Pols push 'Keep Your Health Plan Act' as files show gov't knew m - FOX 35 News Orlando

Pols push 'Keep Your Health Plan Act' as files show gov't knew millions could lose coverage


Rep. Fred Upton, R-Mich., was introducing the "Keep Your Health Plan Act" in a bid to address widespread reports of people losing their current plans. CBS News reported Monday that more than 2 million Americans have already been told they can't renew their policies. 

"This legislation is about providing folks the peace of mind that they will be allowed to keep their current coverage if they so choose," Upton said in a statement. The bill would allow plans sold on the market today to continue to be available. 

Fox News confirmed on Monday that despite assurances from President Obama that anybody who likes their health insurance can keep it, a 2010 IRS document predicted a huge swath of customers could lose their coverage. 

The document addressed a rule in the law that states individual policies purchased on or before March 23, 2010 would be "grandfathered" -- or exempt from changes required under ObamaCare. However, the provision was changed so that plans that undergo "significant changes" could lose that special status. 

The IRS document estimated that "40 percent to 67 percent" of policies would in fact lose the status, meaning customers could be kicked off those plans because they don't meet minimum coverage requirements. The document was earlier reported by NBC News

The Obama administration argues that for those being kicked off their plans, they mostly will be offered policies with stronger consumer protections.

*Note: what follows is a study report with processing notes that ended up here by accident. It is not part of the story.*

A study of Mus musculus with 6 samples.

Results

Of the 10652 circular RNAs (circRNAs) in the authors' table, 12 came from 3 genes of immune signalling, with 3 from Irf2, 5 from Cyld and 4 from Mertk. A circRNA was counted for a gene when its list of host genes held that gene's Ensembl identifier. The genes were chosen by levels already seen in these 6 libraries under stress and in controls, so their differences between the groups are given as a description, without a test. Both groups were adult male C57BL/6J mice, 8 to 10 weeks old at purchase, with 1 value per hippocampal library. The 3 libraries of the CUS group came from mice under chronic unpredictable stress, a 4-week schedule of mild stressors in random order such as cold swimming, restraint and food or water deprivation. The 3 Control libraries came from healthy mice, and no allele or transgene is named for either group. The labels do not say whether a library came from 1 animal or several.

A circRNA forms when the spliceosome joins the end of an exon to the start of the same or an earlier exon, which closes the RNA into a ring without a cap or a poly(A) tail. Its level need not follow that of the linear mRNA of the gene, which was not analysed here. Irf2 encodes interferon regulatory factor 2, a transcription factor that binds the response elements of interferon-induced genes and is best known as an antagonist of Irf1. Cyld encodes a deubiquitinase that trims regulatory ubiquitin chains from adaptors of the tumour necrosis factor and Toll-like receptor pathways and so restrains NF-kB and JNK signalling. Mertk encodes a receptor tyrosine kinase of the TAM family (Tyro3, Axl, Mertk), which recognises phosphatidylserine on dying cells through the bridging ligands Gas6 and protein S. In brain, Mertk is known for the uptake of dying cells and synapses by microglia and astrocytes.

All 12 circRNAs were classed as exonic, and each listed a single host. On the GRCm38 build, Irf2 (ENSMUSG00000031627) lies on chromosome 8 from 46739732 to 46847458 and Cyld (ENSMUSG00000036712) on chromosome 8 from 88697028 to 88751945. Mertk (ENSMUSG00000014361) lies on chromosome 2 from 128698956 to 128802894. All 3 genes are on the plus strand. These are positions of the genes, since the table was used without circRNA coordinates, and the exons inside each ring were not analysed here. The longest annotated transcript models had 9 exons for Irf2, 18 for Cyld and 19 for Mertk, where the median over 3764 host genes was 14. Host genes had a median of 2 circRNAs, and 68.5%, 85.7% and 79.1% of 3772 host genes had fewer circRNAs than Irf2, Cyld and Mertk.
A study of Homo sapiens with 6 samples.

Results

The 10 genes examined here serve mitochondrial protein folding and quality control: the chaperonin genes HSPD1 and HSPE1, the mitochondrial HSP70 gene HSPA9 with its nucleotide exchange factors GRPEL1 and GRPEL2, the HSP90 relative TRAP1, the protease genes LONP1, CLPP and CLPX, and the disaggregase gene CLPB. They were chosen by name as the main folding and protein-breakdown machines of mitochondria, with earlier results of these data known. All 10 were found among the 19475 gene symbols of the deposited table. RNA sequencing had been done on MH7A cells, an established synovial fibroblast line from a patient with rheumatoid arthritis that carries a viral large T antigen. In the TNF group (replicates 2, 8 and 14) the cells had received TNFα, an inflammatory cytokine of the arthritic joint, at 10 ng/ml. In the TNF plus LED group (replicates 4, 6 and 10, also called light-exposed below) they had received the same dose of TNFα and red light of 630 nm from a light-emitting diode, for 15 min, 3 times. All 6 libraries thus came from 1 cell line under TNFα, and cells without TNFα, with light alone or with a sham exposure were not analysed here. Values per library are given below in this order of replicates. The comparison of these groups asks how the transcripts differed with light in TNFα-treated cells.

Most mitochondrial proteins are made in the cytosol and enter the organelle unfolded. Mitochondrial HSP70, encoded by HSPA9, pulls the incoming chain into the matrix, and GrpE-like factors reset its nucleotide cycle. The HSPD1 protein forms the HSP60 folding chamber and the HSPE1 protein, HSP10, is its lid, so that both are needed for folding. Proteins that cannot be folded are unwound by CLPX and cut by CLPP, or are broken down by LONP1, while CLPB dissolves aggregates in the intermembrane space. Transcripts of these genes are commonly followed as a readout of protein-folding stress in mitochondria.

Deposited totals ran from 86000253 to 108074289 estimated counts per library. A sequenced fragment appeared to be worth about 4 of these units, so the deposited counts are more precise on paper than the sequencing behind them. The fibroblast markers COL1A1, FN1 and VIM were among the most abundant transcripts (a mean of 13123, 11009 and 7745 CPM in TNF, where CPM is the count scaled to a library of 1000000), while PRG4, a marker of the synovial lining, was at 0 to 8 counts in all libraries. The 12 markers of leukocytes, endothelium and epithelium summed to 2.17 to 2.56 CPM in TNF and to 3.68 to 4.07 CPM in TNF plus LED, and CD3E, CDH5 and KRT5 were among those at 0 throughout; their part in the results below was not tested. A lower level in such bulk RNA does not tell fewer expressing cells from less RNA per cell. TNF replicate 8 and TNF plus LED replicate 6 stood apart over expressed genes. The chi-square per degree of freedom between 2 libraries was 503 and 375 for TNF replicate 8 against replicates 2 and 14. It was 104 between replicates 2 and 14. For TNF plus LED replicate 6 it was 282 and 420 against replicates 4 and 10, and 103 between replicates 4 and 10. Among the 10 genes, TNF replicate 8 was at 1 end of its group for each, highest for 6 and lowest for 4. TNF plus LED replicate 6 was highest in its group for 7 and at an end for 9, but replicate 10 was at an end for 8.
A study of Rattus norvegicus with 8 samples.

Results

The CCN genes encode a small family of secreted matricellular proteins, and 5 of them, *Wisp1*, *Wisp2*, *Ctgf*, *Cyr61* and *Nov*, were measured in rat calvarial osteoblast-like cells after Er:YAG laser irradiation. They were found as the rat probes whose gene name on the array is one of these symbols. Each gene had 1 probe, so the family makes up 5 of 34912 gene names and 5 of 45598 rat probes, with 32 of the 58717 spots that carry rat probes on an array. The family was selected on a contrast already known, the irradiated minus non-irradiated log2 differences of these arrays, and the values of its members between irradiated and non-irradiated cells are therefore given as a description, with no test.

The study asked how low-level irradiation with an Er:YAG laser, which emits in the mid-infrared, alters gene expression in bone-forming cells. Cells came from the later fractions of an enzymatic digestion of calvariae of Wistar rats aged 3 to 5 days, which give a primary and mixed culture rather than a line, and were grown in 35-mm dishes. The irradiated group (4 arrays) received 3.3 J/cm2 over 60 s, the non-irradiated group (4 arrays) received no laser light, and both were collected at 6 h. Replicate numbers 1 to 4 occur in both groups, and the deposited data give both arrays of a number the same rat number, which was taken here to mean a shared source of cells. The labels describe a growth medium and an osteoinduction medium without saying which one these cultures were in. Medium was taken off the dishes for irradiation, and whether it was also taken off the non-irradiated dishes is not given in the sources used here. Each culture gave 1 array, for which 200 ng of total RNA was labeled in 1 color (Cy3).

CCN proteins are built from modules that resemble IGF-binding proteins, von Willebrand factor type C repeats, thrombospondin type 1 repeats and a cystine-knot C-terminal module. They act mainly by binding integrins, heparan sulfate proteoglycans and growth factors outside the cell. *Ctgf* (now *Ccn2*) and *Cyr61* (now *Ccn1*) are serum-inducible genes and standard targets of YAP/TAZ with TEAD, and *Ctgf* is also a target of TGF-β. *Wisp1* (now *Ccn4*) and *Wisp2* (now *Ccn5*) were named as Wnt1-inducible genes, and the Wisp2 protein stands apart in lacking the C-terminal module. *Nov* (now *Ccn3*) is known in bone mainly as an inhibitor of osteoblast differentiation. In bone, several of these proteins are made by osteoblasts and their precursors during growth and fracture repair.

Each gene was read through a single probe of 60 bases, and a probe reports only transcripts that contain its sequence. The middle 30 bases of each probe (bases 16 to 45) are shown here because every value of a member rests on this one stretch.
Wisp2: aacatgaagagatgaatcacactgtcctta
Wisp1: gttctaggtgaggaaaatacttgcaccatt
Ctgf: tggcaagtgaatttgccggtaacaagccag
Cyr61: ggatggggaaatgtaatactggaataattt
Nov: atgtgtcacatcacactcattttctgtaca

"It's true that there are existing health care plans on the individual market that don't meet those minimum standards and, therefore, do not qualify for the Affordable Care Act," White House Press Secretary Jay Carney said. "But what is also true is that ...  Americans who have insurance on the existing individual market will now have numerous options available to them." 

But Republicans argue this flies in the face of Obama's repeated claims that people would not lose their current coverage. 

Conservative commentator Marc Thiessen, a former speechwriter for President George W. Bush, called the claim a "lie" by the administration, during Fox News' "The Kelly File." 

"The smoking gun is there in your hand," he said, referring to host Megyn Kelly's copy of the IRS form. "Look, they knew." 

White House spokeswoman Jessica Santillo said in a statement that those getting notices are in plans "that do not provide all these protections." 

"But in the vast majority of cases, those same insurers will automatically shift their enrollees to a plan that provides new consumer protections and, for nearly half of individual market enrollees, discounts through premium tax credits," she said. 

She still claimed, though, that "Nothing in the Affordable Care Act forces people out of their health plans: the law allows plans that covered people at the time the law was enacted to continue to offer that same coverage to the same enrollees - nothing has changed and that coverage can continue into 2014."